Edit: We changed the links to download the background information, to make it a little easier to access them.
We signed the lease on 30 Ordnance Street, an old scaffolding factory hemmed in to the north and south by the CPR and CNR railways, and to the West by Liberty Village, in August, 2009 . The place had been inhabited by raccoons, and was, not surprisingly, uninhabitable by people. We gutted it. We stripped the carpet, repainted the walls, redesigned the interior, redid the electrical, and replaced most of the windows. By the time we moved in on September 28, the poured concrete floors gleamed. Moving from a dark, two-room, one-bathroom basement office on Richmond Street West (a crosstown street in Toronto’s CBD), the as yet sparse factory floor held all the promise of our as yet unbuilt solar panels: drenched in sunlight and ready to be ground-mounted (in this case with heavy machinery) in a pinch.
The landlord had for a while been trying to rezone the property for condo development, and there were rumours that the whole area might become Liberty’s easternmost extension. Yet, it seemed that we’d have a good several years until anything major happened, if at all. Building condos also went against the City’s plan to foster ‘Economic Zones’, ‘Employment Areas’, and ‘Employment Districts’; “to provide a good overall balance between population and employment growth by creating job opportunities for Toronto residents” (from the City of Toronto Official Plan). We thought if we did something good with this land, there’d be a strong disincentive to redevelop it.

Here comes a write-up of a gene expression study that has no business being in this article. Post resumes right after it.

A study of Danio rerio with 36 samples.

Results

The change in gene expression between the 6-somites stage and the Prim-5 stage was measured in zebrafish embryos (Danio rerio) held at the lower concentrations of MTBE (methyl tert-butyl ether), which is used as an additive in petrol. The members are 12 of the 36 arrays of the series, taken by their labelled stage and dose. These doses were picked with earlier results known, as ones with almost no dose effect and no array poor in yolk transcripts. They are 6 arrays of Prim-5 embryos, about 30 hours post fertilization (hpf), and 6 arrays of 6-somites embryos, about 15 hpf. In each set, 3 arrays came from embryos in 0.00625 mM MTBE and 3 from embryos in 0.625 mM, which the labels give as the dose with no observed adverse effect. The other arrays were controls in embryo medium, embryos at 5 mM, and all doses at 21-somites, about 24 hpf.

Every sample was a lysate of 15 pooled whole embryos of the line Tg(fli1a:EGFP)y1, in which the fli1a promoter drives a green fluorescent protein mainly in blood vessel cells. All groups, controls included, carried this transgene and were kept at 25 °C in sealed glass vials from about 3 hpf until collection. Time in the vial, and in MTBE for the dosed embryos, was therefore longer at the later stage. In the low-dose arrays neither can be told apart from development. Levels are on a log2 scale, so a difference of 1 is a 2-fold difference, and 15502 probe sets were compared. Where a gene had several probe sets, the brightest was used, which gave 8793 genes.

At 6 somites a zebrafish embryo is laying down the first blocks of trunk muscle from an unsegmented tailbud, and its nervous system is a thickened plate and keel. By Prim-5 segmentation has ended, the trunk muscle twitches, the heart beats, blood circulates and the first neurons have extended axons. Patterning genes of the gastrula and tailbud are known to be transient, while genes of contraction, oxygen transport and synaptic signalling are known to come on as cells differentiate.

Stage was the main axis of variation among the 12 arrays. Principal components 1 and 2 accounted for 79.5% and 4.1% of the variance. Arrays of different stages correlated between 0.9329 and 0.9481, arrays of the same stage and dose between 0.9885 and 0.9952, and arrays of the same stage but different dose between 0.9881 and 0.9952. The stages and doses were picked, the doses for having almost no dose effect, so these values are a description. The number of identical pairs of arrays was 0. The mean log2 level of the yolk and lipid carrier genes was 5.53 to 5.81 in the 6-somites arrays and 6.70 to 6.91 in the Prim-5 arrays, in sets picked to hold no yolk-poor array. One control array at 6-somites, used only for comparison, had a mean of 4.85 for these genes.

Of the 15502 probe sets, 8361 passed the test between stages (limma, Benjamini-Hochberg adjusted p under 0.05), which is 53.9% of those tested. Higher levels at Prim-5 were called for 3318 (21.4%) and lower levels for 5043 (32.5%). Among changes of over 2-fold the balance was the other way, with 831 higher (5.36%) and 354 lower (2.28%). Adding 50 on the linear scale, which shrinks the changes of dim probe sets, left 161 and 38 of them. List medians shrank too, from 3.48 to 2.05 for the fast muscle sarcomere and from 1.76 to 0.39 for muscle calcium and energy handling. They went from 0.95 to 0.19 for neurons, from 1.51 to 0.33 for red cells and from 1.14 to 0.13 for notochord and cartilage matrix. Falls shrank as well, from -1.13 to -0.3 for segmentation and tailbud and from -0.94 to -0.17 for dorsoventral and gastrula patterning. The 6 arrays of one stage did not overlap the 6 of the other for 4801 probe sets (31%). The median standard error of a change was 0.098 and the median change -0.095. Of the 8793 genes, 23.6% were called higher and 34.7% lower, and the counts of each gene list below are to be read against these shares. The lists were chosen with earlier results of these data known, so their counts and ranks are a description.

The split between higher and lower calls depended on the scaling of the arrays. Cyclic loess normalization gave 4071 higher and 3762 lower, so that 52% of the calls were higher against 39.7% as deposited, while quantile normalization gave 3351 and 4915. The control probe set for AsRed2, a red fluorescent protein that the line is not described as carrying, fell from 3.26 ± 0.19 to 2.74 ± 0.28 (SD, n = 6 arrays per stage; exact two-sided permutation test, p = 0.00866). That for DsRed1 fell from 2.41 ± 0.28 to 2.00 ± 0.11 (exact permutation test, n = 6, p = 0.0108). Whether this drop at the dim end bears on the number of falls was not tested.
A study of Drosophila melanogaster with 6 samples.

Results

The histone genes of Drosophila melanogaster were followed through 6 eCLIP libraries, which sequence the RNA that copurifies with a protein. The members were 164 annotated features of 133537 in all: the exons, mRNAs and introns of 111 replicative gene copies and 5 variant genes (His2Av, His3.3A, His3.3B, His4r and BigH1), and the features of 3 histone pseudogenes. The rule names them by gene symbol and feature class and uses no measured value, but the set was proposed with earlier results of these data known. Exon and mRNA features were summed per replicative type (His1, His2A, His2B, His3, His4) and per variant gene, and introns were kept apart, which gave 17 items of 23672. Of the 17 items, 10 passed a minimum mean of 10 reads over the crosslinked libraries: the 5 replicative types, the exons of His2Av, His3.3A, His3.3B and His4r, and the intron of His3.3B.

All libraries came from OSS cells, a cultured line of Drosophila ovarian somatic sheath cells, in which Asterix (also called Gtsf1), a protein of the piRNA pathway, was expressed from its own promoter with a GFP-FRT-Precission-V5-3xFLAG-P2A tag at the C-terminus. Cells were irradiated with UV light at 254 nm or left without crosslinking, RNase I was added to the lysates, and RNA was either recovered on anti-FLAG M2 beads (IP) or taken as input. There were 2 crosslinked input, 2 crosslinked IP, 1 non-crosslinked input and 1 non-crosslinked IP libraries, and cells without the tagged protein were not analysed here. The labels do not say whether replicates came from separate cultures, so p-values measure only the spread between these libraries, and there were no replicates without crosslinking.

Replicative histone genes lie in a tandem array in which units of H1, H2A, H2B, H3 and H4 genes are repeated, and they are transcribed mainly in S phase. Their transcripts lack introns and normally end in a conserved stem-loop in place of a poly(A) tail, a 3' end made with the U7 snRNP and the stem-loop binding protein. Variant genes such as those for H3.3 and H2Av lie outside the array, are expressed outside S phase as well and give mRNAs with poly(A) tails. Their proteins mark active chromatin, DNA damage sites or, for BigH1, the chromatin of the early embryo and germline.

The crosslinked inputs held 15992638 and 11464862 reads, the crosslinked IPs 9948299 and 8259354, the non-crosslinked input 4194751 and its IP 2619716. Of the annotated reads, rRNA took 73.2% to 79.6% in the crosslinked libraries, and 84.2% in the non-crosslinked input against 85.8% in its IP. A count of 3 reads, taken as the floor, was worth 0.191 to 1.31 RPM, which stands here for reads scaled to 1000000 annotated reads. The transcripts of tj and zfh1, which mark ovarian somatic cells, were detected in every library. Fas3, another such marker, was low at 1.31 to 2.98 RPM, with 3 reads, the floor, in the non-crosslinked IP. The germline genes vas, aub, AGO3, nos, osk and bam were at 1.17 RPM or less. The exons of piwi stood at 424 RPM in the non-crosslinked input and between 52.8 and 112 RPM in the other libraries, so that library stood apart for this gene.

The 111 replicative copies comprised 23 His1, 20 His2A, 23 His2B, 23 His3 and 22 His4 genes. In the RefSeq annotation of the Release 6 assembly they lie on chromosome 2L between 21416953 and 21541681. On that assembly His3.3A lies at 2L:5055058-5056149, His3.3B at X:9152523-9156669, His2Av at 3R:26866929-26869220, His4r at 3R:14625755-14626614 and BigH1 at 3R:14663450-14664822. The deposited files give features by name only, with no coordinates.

The City started to renovate the building next door, making it their new Licensing and Standards Office. Interested renters kept visiting to take a look at the empty factory adjoining ours. The Fashion Design Council of Canada was this-close to siting Toronto Fashion Week there. Eva’s Phoenix, the shelter for at-risk youth and youth-run printing-press across the road seemed to be doing good work as usual.
We got a call on April 15 from a very well-spoken, sympathetic City of Toronto planner who was as surprised as we were that the landlord hadn’t mentioned that an application to erect two high-rise condominiums at 30 Ordnance – and redevelop the rest of 10, 11, and 25 Ordnance (including Eva’s Phoenix) – was by then pretty far along. To be clear, in no way is this the landlord’s fault – it’s his land and he’s got a right to sell it. Really, it’s up to the City and to some extent the Province to determine the best and highest use for this site: do they want to opt to retain the employment that’s here, or rezone the land for condos.
We’d like to stay at Ordnance. We’ve submitted a letter to the City of Toronto’s Planning and Growth Management Committee, and will be speaking at their public consultation meeting on May 19, at 9:30 AM in Committee Room 1 to appeal the application.
If you’d like to read this letter, as well as the two City-sponsored reports – one from the City’s Chief Planner, the other from the City’s Economic Development department – which both argue that the land is better used for growing employment than for condos, and both which reject the application, we’ve made them available here:
Morgan Solar Support Letter – This document is a letter that you can copy and paste into an email, and includes the email addresses of the mayor, deputy mayor and the Planning and Growth Management Council.
You can also write a letter here to Mayor David Miller, and/or here to send a message to Toronto Deputy Mayor Joe Pantalone, who is the councillor representing our ward (Ward 19), and in fact was the person who brought the re-zoning application to City Council. We’d really appreciate any support you could give – we want to focus on building solar panels, not on another move.
P.S.: Thanks to Tyler Hamilton who champions our cause, and gives a bit more detail about the situation, in his Cleanbreak blog here.